Career Testing
Career Testing
Career Testing
STUDENT LIFE / DEC. 31, 2014
version 2, draft 2

How to Deal With Parents that Don't Accept the Idea of Studying Abroad

After high school, you have an opportunity to travel abroad and obtain an education in another country. It’s affordable, the plans have been laid out and now all you have to do is seek the approval of your parents. This should be easy because you’re a responsible person who has never gotten into trouble. 

Unfortunately, after presenting your case for 20 minutes, your parents have emphatically rejected your proposition. Instead, they have informed you that you’re studying in the same state and there will be no further discussions about you traveling to Rome, Paris or Hong Kong to study. 

Not every parent wants to see their child fly away to another country to learn because it could be unsafe, dangerous and expensive. The other important thing: they’ll hardly see their child for the next four years. 

Your hopes may have been shattered, but perseverance is the way to go in order to win them over. Although they may be hesitant at first, showcasing your ability and desire to attain an education outside of your home country could be the only way to gain their acceptance. 

Here are five ways to deal with parents that don’t accept the idea of studying abroad 

1. Meeting with School Officials 

Establish an interview with your high school’s principals, teachers or guidance counsellors to explain to your parents what the entire program is like, how much it’ll cost and how you have a great track record. Also, attempt to arrange a telephone conversation with the other school’s staff to answer any questions your parents may have. 

2. An Abundance of Material 

It’s great that you went into detail about the program, but did you provide your parents with an abundance of reading material on studying abroad? If not then gather as much material as possible in addition to giving them a list of websites to visit to understand how it works, what it is and the costs associated with it. 

3. Budget 

To show them how serious you are, lay out a budget of your day-to-day expenses and tuition fees. Produce a detailed budget and highlight what you’ll be spending money on, what the tuition covers, how much rent will be and how much money you have saved up (if applicable).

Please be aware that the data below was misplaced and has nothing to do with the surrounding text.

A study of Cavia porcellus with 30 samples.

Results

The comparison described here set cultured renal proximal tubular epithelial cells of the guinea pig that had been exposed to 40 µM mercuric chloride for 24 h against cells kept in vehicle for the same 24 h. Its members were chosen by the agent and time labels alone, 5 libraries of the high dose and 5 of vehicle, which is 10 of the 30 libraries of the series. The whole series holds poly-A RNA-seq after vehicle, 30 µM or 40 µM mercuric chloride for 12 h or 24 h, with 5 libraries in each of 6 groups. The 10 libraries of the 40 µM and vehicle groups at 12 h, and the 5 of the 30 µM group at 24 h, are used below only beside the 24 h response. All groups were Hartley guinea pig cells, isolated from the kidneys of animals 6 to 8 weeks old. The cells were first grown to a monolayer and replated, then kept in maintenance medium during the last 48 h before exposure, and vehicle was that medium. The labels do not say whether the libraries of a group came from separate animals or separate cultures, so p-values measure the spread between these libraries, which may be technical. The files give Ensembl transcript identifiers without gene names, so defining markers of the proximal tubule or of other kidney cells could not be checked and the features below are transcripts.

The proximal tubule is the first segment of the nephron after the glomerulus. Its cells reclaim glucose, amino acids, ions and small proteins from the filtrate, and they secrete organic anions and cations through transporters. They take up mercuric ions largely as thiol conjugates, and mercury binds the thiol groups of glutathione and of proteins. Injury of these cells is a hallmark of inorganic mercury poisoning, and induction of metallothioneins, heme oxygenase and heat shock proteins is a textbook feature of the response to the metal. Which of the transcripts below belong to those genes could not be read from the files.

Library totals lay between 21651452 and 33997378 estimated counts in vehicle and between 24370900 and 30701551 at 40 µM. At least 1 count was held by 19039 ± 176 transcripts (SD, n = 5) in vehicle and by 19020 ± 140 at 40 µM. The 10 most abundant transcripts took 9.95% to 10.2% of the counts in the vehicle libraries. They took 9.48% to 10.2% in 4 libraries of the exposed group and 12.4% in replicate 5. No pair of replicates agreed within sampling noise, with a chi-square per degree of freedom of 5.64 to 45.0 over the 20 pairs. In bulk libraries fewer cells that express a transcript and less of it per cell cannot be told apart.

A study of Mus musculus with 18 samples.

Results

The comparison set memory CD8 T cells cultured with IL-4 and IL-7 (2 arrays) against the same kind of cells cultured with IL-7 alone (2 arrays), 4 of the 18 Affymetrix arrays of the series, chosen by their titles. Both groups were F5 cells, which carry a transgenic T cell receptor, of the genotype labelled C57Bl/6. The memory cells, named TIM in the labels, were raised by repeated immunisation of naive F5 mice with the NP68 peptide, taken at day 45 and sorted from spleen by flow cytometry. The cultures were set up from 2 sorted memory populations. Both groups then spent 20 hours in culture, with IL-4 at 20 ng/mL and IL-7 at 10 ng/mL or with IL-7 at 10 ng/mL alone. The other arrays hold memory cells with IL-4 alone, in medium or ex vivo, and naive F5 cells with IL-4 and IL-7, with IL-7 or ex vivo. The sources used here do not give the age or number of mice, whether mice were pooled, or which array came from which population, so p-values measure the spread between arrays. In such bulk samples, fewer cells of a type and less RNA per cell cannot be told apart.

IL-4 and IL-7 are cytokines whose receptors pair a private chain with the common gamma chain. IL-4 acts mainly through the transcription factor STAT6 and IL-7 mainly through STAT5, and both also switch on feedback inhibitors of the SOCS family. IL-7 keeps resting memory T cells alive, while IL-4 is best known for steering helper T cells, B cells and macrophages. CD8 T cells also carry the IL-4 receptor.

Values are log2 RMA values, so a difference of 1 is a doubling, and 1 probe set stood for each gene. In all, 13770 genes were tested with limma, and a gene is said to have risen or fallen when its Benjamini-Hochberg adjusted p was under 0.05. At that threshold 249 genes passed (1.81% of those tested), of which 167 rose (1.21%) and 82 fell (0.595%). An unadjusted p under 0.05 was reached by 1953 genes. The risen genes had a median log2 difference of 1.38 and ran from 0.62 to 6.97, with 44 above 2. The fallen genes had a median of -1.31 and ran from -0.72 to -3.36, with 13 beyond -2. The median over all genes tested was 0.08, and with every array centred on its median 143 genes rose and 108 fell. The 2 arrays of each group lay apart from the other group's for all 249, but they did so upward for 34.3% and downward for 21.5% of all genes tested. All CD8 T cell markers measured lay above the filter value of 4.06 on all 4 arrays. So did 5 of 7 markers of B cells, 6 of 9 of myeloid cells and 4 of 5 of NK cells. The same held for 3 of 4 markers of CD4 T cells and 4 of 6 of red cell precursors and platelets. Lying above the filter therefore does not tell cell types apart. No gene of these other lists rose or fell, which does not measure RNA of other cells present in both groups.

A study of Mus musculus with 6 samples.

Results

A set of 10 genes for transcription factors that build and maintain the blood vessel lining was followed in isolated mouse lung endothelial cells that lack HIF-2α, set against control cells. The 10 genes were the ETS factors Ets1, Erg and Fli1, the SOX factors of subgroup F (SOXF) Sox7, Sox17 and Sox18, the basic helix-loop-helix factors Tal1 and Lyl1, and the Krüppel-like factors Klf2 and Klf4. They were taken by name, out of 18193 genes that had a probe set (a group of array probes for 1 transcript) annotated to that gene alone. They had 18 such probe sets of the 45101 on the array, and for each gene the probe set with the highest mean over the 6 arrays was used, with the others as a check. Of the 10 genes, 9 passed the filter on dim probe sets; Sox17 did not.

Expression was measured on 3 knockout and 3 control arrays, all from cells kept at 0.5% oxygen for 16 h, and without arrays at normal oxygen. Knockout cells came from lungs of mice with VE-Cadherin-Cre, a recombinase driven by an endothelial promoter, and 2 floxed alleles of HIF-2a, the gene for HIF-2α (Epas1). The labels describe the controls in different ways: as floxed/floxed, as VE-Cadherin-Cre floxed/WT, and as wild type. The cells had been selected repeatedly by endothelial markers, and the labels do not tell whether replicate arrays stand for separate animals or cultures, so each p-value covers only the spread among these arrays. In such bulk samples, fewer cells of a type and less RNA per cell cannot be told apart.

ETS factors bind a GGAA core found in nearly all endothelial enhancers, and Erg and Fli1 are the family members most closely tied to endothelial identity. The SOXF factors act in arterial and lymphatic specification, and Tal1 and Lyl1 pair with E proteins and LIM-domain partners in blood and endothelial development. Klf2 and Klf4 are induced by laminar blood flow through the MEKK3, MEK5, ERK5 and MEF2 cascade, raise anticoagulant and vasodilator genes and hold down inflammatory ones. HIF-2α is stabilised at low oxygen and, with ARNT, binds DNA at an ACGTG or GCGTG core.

4. What It Will Accomplish? 

Studying in a foreign land can create an array of opportunities and open you up to a whole new world. With that being said, you will have to explain to your parents just what exactly studying in Berlin or Sydney will accomplish as opposed to your hometown or home state. Will it provide better job opportunities? Will it cost less? Will it improve your marketability?

5. Record 

If after all of this they’re still unconvinced that you’re able to do it, present your entire record since turning 13: behavior, jobs, grades, attendance, school participation and other aspects to showcase how independent, smart and responsible you are. This may be the ace in the hole you need, to get the final OK to study abroad.

Any person will understand that traveling to a foreign country to study can be rather intimidating. However, it’s still a tremendous opportunity for anyone and this should be seized immediately, and parents have to understand this. Today’s labor market is globalized and highly competitive and perhaps studying abroad is the way to stay ahead of the competition.

Photo by bradleypjohnson via Flickr.